What causes mating system shifts in plants? Arabidopsis lyrata as a case study.

Department of Molecular Biology, Max Planck Institute for Developmental Biology, Tübingen, Germany.
Computomics GmbH, Tübingen, Germany.
Centre for Genome Engineering, Institute for Basic Science, Daejeon, South Korea.
Department of Biology and Ecology, University of Konstanz, Konstanz, Germany.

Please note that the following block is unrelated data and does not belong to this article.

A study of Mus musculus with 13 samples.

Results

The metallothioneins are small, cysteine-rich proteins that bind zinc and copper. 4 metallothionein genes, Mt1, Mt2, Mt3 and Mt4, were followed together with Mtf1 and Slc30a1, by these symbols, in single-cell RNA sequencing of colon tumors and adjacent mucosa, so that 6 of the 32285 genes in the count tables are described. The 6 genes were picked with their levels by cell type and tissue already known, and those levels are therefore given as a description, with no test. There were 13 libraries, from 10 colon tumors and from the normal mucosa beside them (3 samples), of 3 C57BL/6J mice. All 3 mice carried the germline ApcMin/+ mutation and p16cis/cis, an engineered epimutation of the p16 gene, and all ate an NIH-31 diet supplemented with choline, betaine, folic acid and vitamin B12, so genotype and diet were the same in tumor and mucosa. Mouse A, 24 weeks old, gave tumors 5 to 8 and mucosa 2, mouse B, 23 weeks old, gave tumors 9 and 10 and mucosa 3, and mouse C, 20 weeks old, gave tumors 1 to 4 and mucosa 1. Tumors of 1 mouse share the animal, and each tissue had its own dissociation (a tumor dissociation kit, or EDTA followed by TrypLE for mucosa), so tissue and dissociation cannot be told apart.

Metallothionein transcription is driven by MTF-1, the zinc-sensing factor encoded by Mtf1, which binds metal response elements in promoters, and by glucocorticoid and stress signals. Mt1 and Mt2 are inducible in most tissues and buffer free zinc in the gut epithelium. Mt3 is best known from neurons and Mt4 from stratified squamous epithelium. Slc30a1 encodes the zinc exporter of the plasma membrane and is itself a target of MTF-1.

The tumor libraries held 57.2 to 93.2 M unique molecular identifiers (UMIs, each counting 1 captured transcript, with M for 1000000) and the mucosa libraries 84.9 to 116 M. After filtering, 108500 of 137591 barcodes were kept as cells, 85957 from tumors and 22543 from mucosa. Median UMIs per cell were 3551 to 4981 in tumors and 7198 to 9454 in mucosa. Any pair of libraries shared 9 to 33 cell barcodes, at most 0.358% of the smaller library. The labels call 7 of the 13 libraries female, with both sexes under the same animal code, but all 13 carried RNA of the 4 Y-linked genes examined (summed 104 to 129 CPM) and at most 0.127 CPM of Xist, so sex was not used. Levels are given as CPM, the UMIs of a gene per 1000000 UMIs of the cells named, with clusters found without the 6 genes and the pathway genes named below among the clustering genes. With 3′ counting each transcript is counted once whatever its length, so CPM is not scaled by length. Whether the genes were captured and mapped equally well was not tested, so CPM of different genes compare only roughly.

The genetic breakdown of self-incompatibility (SI) and subsequent mating system shifts to inbreeding has intrigued evolutionary geneticists for decades. Most of our knowledge is derived from interspecific comparisons between inbreeding species and their outcrossing relatives, where inferences may be confounded by secondary mutations that arose after the initial loss of SI. Here, we study an intraspecific breakdown of SI and its consequences in North American Arabidopsis lyrata to test whether: (1) particular S-locus haplotypes are associated with the loss of SI and/or the shift to inbreeding; (2) a population bottleneck may have played a role in driving the transition to inbreeding; and (3) the mutation(s) underlying the loss of SI are likely to have occurred at the S-locus. Combining multiple approaches for genotyping, we found that outcrossing populations on average harbour 5 to 9 S-locus receptor kinase (SRK) alleles, but only two, S1 and S19, are shared by most inbreeding populations. Self-compatibility (SC) behaved genetically as a recessive trait, as expected from a loss-of-function mutation. Bulked segregant analysis in SC × SI F2 individuals using deep sequencing confirmed that all SC plants were S1 homozygotes but not all S1 homozygotes were SC. This was also revealed in population surveys, where only a few S1 homozygotes were SC. Together with crossing data, this suggests that there is a recessive factor that causes SC that is physically unlinked to the S-locus. Overall, our results emphasise the value of combining classical genetics with advanced sequencing approaches to resolve long outstanding questions in evolutionary biology.